Review: The Tempest


Wrong Tree’s ‘The Tempest’ sees the company start the year with a flourish. Their interpretation of Shakespeare’s comedy is gorgeously choreographed, costumed and directed, making the most of its striking setting in Hild Bede Chapel.

Opening with a well-designed physical routine to represent the storm-battered ship struggling against the elements, the play follows Prospero, the deposed Duchess of Milan, living on an island with her child Miranda, alongside servants Caliban and Ariel.

is outstanding as Prospero, projecting a grounded authority which fills the expansive space. She manages to be both powerful and dignified whether the focus of the scene or on its fringes, setting the tone for the whole piece. As her servant Ariel, is also a standout, with excellent movement and physicality, the energy of which does not drop throughout the performance.

Caliban is excellently portrayed by Lilly Kennedy, again maintaining a difficult but remarkable physical stature through the show. The use of jewels on the faces of both Kennedy and Wright was an excellent touch, adding to the fantastical dimension of the island.

is outstanding as Prospero, projecting a grounded authority which fills the expansive space

Prospero’s daughter Miranda becomes engaged to Ferdinand, son of Alonso and a survivor of the shipwreck. The pair are played by and to great effect; Farrell switches between tenderness and determination effortlessly through his scenes, while Steer brings an endearing wonder to her role. Between the two there was an enticing chemistry and several well-executed comedic moments.

Also among the shipwreck was Antonio, Prospero’s sister and Duchess of Milan, joined by King of Naples Alonso, his brother Sebastian and courtier Gonzalo. as Antonio was truly fantastic, her marvellous facial expressions combining with stunning movement and delivery to create some quality scenes. Similarly, as Alonso, as Sebastian and as Gonzalo were a great group, Malkin’s cartwheel rivalling even Wright’s.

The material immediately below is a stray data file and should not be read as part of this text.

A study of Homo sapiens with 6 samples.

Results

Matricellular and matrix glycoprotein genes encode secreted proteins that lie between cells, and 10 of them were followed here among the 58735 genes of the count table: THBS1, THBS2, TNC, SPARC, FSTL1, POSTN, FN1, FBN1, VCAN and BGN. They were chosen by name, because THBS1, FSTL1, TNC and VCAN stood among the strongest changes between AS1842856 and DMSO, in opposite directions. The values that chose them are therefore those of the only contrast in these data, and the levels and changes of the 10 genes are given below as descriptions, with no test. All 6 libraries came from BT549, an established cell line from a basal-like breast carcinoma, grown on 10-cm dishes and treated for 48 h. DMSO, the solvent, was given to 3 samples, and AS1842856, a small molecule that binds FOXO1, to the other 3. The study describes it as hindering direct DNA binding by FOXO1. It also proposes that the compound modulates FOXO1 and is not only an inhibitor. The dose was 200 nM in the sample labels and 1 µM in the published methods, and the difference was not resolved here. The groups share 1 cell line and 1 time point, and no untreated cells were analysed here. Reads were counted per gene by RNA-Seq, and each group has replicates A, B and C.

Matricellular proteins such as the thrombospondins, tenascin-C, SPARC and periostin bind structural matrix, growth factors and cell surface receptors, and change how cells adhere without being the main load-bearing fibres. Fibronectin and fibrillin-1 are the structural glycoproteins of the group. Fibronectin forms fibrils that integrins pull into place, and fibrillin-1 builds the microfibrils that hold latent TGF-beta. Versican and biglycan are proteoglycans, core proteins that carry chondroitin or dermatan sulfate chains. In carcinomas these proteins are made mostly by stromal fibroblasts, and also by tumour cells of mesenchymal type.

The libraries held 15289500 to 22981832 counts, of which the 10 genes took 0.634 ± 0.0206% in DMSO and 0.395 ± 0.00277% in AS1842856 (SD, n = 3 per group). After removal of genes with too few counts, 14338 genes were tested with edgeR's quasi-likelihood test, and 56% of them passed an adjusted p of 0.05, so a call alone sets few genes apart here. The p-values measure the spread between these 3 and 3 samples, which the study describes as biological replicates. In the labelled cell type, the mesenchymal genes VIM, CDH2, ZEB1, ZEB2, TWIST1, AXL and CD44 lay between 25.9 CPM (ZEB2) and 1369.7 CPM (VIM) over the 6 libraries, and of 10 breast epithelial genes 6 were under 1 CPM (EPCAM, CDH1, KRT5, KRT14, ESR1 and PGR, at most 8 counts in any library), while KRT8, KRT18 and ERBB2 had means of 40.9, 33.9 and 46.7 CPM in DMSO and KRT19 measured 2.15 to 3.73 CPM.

Another comedic highlight of the piece was the plotline of the threat against Prospero’s life, led by Trinculo and Stephano, servants of Alonso. and Hannah Lydon, who play the two respectively, were simply brilliant. Lydon in particular was a force to be reckoned with, mastering her lighter moments and pleasingly bringing the audience into her performance on numerous occasions. Nellist was equally brilliant as her companion, and the two bounced off each other well.

The creative team can be exceptionally proud of what they have put together

Finishing off the cast was Ella Maurici as Francisco and others, showing versatility in switching between roles.

The creative team can be exceptionally proud of what they have put together, overcoming a range of challenges to put on a special show. ’s direction, assisted by Lali Rhydderch, is wonderful, making use of the abnormal space within the chapel. ’s choreography, as alluded to on a number of occasions in this piece, is flawless, each character finding their identity in physicality.

Lola Stakenberg’s costume design is equally amazing, with a suggestion during the interval that every member of the cast was wearing at least one piece of Stakenberg’s own wardrobe. The effect is worth it; every single character is dressed with an attention to detail that is pleasing to see.

Taking care of tech were as production manager, as sound technician, as lighting designer and technician, and as lighting designer. The group do an excellent job, bringing an eerie island feel to the space.

Completing the team is as producer, who can be exceptionally proud of his efforts in running a smooth show from start to finish. A special mention also to Carrie Cheung’s incredible poster, which provides the image for this piece.

All in all, ‘The Tempest’ is a genuinely beautiful production in a space not often used by student theatre companies; certainly one to watch.